Enjoy Halloween Treats, but Remember to Brush Your Teeth

Oct. 20, 2003
Popcorn balls, carmel apples are the worst among Halloween snacks.

Mini chocolate bars, caramels, gum, candy-coated chocolate pieces...shoppers across the country have been filling their carts with their favorite treats in anticipation of Halloween--the biggest "candy holiday" of the year.

While enjoying any type of candy or gum this Halloween, Ameritas Group Dental and Eye Care in Lincoln, Neb., and Dr. Paula Harre, with Harre Orthodontics in Lincoln, Neb., remind parents and kids to thoroughly brush their teeth following the consumption of sugary treats.

"I always encourage patients to brush after every meal, especially if it involves candy," Harre says. "If kids and parents forget to brush their teeth, they are giving bacteria an open invitation to start decay on tooth surfaces."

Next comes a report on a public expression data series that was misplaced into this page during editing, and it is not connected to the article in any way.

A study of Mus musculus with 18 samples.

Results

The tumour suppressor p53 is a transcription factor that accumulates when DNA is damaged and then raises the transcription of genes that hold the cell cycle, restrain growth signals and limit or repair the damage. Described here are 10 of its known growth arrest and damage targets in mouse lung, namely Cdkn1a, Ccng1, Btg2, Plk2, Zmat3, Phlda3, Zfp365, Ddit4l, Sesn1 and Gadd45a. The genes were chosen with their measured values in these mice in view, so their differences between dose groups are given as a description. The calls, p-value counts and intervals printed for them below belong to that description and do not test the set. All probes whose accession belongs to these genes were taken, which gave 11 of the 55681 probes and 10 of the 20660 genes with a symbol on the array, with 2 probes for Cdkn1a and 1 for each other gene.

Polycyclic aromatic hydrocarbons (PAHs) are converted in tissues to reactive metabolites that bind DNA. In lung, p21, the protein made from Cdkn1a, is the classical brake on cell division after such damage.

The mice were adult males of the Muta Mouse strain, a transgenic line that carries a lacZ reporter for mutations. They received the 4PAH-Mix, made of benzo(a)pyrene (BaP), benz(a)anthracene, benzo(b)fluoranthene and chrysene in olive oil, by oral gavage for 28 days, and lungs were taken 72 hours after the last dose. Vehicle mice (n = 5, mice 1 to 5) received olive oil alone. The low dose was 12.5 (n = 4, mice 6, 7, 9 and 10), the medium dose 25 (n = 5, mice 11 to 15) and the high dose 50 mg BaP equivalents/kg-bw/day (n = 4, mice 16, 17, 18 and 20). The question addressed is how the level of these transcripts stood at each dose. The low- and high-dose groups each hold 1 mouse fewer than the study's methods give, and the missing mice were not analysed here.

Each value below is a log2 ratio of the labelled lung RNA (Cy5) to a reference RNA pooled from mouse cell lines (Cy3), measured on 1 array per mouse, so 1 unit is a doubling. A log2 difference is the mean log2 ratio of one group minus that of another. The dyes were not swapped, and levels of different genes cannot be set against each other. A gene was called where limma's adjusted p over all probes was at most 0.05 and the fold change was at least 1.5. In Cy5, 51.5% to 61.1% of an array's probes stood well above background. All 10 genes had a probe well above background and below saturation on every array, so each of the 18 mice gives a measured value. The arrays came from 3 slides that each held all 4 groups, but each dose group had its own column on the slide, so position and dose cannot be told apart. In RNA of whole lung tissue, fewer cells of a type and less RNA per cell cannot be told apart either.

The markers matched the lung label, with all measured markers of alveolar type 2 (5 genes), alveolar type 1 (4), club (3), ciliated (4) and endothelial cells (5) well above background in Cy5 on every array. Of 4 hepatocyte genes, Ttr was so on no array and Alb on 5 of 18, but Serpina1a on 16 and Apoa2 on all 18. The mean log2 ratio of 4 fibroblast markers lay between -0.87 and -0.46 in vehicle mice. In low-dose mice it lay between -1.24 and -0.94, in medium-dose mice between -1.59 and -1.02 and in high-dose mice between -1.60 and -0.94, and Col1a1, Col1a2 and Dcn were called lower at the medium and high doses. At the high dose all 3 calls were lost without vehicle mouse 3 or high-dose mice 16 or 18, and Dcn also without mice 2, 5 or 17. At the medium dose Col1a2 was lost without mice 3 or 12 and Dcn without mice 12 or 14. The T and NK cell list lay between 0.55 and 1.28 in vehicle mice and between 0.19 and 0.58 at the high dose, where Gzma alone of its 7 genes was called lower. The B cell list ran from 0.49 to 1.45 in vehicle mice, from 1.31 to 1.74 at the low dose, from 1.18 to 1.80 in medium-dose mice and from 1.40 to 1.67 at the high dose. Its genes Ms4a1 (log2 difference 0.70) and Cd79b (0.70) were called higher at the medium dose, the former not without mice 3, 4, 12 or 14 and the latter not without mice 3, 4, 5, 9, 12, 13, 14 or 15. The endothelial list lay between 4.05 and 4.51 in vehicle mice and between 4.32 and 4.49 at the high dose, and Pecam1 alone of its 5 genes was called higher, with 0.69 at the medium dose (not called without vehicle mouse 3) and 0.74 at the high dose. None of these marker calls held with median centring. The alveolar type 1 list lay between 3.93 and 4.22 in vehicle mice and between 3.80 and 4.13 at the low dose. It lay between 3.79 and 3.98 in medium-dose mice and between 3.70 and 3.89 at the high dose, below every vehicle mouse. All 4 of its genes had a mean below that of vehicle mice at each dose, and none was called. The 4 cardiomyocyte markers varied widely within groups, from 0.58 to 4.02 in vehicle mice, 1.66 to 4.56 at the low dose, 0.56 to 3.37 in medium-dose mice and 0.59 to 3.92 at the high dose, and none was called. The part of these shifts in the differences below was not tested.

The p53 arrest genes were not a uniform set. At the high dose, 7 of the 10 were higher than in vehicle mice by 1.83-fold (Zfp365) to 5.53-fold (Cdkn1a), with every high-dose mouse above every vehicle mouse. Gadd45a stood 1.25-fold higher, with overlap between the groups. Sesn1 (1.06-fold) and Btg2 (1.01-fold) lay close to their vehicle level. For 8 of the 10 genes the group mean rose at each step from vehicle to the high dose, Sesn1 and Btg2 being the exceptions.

Halloween can also cause big trouble for individuals with braces.
"Orthodontics patients should avoid sticky, chewy or hard, crunchy
candy or popcorn, as these items can harm braces and affect
treatment," Harre says. "Some alternative Halloween treats include thinly-sliced apples dipped in yogurt or a creamy chocolate sauce, or plain chocolate candy. However, it's imperative that left-over sugary substances are removed from the brackets to avoid tooth decay."

Halloween treats often sit around in candy dishes and containers for several days. "We tend to snack on Halloween candy throughout the day. Remember, the worst thing we can do to our teeth is to have a sugary treat near bedtime and forget to follow up with vigorous and effective brushing. Only water should be consumed at bedtime once teeth are brushed," Harre explains.

So this Halloween, enjoy the yummy treats, but remember to keep your toothbrush handy to ward off bacteria that would like to enjoy any excess sugar on your teeth.


Kids rank gum and candy as their favorite trick-or-treat candy,
with items containing chocolate topping the list, according to the
National Confectioners Association. And 90 percent of parents admit to sneaking goodies from their kids' Halloween stash, with snack-size chocolate bars, chocolate-coated pieces, caramels, and gum as their favorite tasty treats.